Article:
John Coe and I were closeted in the kitchen, sipping coffee and gossiping.
The conversation gradually veered towards our vegetable gardens. The weather is causing problems and neither really wants to mention our problems first.
“How are your potatoes doing? Any sign of the blight?”
He suddenly started to play with Inca who remembers the sandwiches that he used to bring for Elevenses.
“I need you to advise. Mine are keeling over. Different from last year but they are not looking good. The condition is gradually moving up the rows.”
Both of us grappled with severe blight during last year’s wet, humid summer. We wandered down the garden and stood in front of the mangy rows.
“If I was you I’d lift all these potatoes immediately. You’ve got some sort of blight, I reckon.”
This wasn’t like last year’s blight when the plants turned brown, then black and keeled over within a couple of days. The foliage was yellow and they had lingered for a couple of weeks.
He teased the soil around a plant, picked up a spud and tested the skin. Rubbing it with his finger.
“The skin is set. Lift them before you lose them.”
He must have spotted that I wasn’t keen and added.
“I had the same symptoms. Out of 144 yards (130 metres) of potato plants I harvested just three sacks. Maureen was surprised when she saw me washing the tiny ones. I wouldn’t have bothered in past years. The little ones were so sweet and tasty but I was gutted by the low harvest. Apart from last year, I have always grown all our own potatoes. Now we will have to buy them. They just don’t taste the same and the prices make me shudder.”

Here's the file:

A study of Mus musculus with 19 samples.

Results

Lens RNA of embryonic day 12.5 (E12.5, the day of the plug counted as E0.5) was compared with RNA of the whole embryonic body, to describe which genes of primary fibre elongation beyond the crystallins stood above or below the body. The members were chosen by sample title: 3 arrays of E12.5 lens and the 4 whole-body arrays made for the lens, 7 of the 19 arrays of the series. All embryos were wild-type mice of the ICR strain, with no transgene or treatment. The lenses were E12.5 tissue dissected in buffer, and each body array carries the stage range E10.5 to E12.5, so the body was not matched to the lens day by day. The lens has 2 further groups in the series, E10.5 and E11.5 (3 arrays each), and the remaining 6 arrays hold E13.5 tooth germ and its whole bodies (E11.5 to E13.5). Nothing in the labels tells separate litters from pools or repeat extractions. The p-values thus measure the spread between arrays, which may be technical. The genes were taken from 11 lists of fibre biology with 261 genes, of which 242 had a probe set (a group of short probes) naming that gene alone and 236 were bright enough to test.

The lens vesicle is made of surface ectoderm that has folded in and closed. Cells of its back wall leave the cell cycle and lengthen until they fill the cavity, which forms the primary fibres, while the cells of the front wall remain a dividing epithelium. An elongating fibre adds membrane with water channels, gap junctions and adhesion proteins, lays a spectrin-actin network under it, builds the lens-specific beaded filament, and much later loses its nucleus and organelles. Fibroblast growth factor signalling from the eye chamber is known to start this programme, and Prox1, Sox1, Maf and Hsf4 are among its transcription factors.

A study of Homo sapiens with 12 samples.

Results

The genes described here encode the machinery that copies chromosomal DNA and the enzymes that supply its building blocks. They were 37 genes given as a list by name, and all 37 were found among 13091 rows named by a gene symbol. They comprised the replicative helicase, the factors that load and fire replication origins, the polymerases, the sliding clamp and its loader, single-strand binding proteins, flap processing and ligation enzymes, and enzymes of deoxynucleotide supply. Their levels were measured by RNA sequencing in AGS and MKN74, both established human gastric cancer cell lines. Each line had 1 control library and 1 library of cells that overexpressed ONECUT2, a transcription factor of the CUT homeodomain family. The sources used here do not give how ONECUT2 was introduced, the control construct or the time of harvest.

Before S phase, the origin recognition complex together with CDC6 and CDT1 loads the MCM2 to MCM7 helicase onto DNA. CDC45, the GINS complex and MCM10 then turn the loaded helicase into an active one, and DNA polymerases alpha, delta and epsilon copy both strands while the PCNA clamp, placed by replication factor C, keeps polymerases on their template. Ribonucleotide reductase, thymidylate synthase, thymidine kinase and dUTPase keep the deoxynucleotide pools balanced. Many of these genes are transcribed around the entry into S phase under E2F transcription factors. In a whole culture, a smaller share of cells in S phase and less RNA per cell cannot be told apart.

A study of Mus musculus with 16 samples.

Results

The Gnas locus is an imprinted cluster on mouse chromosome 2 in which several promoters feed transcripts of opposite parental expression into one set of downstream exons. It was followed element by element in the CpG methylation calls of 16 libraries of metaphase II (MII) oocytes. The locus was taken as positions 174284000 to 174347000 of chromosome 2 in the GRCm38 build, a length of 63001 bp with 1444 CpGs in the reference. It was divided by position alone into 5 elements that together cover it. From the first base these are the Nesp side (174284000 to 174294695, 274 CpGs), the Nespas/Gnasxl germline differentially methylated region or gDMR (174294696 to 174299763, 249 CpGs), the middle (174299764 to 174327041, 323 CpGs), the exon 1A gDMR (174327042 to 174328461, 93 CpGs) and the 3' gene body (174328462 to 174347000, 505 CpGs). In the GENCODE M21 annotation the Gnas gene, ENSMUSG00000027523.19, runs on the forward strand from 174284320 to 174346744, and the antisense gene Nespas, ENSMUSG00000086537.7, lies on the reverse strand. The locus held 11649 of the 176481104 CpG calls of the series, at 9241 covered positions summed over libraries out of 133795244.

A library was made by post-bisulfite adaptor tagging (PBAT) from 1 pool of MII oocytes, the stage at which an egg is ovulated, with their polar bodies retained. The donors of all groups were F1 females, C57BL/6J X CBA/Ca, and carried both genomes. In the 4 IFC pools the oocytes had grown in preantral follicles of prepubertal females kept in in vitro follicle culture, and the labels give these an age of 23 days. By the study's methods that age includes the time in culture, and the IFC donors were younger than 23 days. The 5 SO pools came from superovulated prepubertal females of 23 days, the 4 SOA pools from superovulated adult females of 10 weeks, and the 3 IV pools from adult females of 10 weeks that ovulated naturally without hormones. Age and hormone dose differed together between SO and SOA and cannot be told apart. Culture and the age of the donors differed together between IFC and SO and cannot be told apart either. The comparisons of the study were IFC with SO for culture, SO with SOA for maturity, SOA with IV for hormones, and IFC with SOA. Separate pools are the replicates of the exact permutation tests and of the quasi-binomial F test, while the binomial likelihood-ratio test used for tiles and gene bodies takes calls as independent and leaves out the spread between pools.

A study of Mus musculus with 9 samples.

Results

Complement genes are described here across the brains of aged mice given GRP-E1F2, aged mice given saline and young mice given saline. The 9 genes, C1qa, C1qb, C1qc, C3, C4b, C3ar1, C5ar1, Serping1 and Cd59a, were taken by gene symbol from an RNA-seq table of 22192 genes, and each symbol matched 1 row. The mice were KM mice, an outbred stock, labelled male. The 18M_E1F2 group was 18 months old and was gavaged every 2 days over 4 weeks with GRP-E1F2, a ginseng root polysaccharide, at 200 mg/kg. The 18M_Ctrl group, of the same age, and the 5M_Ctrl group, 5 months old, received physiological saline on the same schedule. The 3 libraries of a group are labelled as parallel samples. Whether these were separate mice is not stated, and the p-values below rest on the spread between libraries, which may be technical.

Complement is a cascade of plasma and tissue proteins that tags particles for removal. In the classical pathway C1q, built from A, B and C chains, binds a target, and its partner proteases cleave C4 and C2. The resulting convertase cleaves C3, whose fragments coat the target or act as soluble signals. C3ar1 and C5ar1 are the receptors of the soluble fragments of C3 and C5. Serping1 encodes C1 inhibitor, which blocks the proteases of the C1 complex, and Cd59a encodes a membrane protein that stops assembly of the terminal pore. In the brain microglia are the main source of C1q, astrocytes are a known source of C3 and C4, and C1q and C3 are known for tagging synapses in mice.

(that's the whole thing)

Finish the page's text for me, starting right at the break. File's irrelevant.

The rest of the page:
On close examination I spotted a tiny white spore on the potato in his hand. Last year’s spuds were covered with them. So tomorrow our crop is going to be harvested. I only planted 72 feet of potatoes this year but it’s disappointing. Danny can only eat the spuds he loves if we grow our own.
Irish potatoes are much more floury than the traditional English ones. When we leave our spuds in the ground for an extra six weeks or so they become floury and Danny can savour a potato similar to those that his Mam cooked all those years ago in rural West Cork.
I’m determined to grow Danny’s perfect spud next year even if it’s in raised beds on the driveway.
Potato blight is exacerbated by a ‘Smith Period’. A warm wet humid period of at least eleven hours. Potatoes grown under trees create these conditions when the weather is damp, with the dripping of leaves and poor air currents to waft away the humidity.
Tomato plants are the same family and vulnerable to similar conditions. If you grow them as cordons, space well apart and they are far less likely to succumb to blight than more bushy specimens.